As beauty standards shift, the two-piece of yesteryear is changing with the women who wear them


spinner image actress ursula andress in the ocean in a bikini during the film dr. no
Swiss actress Ursula Andress plays the role of Honey Ryder in director Terence Young's 1962 James Bond movie "Dr. No."
Sunset Boulevard/Corbis via Getty Images

Somewhere, in a box of family photographs sitting on a shelf in a closet in my mom’s apartment in Tucson, Arizona, there is a photo, likely a bit faded and slightly out of focus in that charming way only camera technology in the mid-1970s could master. I’m standing in a blue plastic kiddie pool in the backyard of my family home in southeastern Ohio and wearing a blue-and-white-striped bikini. It’s obvious from the expression on my face — mouth wide open and eyes nearly glinting — and the way I stood — hand perched on my left hip, which is jutting out ever so slightly — that I thought I was pretty hot stuff. I was wearing a bikini after all — something I’d seen my teenage sisters wearing to lie out in the backyard — and to me anything they did was the ultimate in cool.

That was the beginning of my love affair with the bikini — one that, looking back through photos, seemed to end on a beach in Mexico in 2016. It’s something that often happens to middle-aged women when our bodies begin to show the rigors of time.


Story one begins with French designer Jacques Heim, who was experimenting with women’s leisurewear. In the 1930s, Heim designed some two-piece outfits Cole describes as bra tops and a wrap around skirt over shorts — which “were pretty revolutionary for the time,” Cole adds. Then came World War II and France’s occupation. It wasn’t until the touring fashion exhibit titled “Théâtre de la Mode,” which visited sites in Europe and the U.S. to raise funds for war survivors and to revive the French fashion industry, that Heim’s creation, which by then he had named the “Atome,” was seen on a broader stage. 

“It wasn’t completely from left field for French women, but it was a little bit avant-garde,” Cole says, noting that while Heim continued to promote the design, it didn’t catch on immediately and adjustments were made to the design to make it “briefer,” Cole adds. “It was one of those things that got more press than it generated actual wearership. But it did get hype.”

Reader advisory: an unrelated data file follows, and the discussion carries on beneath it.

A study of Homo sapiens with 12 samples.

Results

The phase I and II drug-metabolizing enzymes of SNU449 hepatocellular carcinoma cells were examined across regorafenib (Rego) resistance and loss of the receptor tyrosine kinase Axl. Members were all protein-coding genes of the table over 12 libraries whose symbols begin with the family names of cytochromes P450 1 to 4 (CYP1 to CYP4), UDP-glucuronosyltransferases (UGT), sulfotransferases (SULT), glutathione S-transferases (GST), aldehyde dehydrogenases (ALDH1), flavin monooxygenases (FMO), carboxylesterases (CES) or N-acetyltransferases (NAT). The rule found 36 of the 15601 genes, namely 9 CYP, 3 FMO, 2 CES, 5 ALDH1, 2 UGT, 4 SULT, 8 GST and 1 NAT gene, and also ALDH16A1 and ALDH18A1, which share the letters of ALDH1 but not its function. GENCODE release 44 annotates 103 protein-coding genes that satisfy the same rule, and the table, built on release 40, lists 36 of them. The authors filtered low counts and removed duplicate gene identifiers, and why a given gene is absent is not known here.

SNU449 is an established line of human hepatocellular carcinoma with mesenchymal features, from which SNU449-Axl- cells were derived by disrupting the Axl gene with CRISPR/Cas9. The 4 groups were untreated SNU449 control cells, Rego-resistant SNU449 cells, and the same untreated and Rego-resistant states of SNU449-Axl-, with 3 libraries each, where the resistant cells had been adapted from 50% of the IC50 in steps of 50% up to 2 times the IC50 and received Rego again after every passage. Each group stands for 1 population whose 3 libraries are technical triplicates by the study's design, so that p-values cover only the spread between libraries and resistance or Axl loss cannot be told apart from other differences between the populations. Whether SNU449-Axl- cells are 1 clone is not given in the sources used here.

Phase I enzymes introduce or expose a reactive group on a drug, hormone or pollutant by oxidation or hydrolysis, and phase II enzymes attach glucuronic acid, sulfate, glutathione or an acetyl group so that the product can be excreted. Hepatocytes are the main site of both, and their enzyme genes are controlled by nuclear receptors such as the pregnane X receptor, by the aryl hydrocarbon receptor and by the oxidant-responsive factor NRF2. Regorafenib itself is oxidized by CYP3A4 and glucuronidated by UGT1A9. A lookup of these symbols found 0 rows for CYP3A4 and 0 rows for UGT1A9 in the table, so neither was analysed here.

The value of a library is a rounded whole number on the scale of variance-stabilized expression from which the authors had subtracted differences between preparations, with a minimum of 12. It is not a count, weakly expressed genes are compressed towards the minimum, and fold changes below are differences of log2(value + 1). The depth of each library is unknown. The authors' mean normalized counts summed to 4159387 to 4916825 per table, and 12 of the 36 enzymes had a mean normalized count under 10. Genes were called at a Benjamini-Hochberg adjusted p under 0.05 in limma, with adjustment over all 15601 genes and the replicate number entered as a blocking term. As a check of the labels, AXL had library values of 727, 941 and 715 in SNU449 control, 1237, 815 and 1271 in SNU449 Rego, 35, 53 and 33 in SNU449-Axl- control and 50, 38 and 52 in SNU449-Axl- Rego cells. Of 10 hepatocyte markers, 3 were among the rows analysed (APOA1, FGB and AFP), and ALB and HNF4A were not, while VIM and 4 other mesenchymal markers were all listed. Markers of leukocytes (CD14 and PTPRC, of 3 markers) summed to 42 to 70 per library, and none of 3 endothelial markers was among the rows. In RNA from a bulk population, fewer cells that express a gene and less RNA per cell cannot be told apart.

It was publicly introduced on the French Riviera in the summer of 1946.

This brings rise to origin story two. Around the same time, automotive engineer Louis Réard introduced a competitor to the Atome, which was even briefer than Heim’s design. He named his design the “Bikini,” in a nod to nuclear testing in the Bikini Atoll in the Marshall Islands of Micronesia — as well as a bit of a riff on Heim’s “Atome,” which was so-named because it was tiny, like an atom, and also to reflect the Atomic age and postnuclear boom at the end of World War II, Cole says.

“It’s whack that today we use that word [bikini] to reference something so joyful and charming and fun, but it’s based on the idea of nuclear testing,” he adds, laughing.


It still took quite some time before the outfit we now see as ubiquitous with summer had its “Ground Zero” moment, Cole, coauthor of the book, The History of Modern Fashion, says, while admitting that he’s not fond of the idea of tying one point in history to a defining moment for fashion. That moment, which is listed as one of the “Top 10 Bikinis in Pop Culture” by Time, came in 1962 when Swiss and German actress-model Ursula Andress, in the role of Honey Ryder, emerged from the ocean wearing a low-waisted, belted white bikini in the first James Bond film, Dr. No.

“At that point, the bikini basically becomes the standard appellation of it and the standard name, and it basically becomes something that is relatively accepted in mainstream North America at that point,” Cole notes.

The Andress moment also coincided with multiple movements within the U.S. that helped fuel its popularity — namely beach/surf culture ushered in by the Beach Boys, the free-love/hippie movement, suntanning and, of course, the release of a certain song about an “Itsy, Bitsy, Teeny, Weeny, Yellow Polka-Dot Bikini,” by Bryan Hyland.


“We are seeing the body-consciousness and beauty standard shifting,” Cole says, which is resulting in bikinis being worn by a wider variety of women now. He cites musician Lizzo, who often wears bikini-like performance clothes during her concerts, as a key innovator of the movement, but states that it’s a trend he’s seen emerging over the past 15 years. “And I think it has to do with the glorification of diversity that is part of it, too.”

Knowing this, I’m inspired to reevaluate my feelings about slipping into two-piece again. Maybe the love affair isn’t dead after all, but just on a break.  

Share your experience: Do you think it’s inappropriate to wear a two-piece on the beach? How about in advertising? Leave us your thoughts in the comments section below.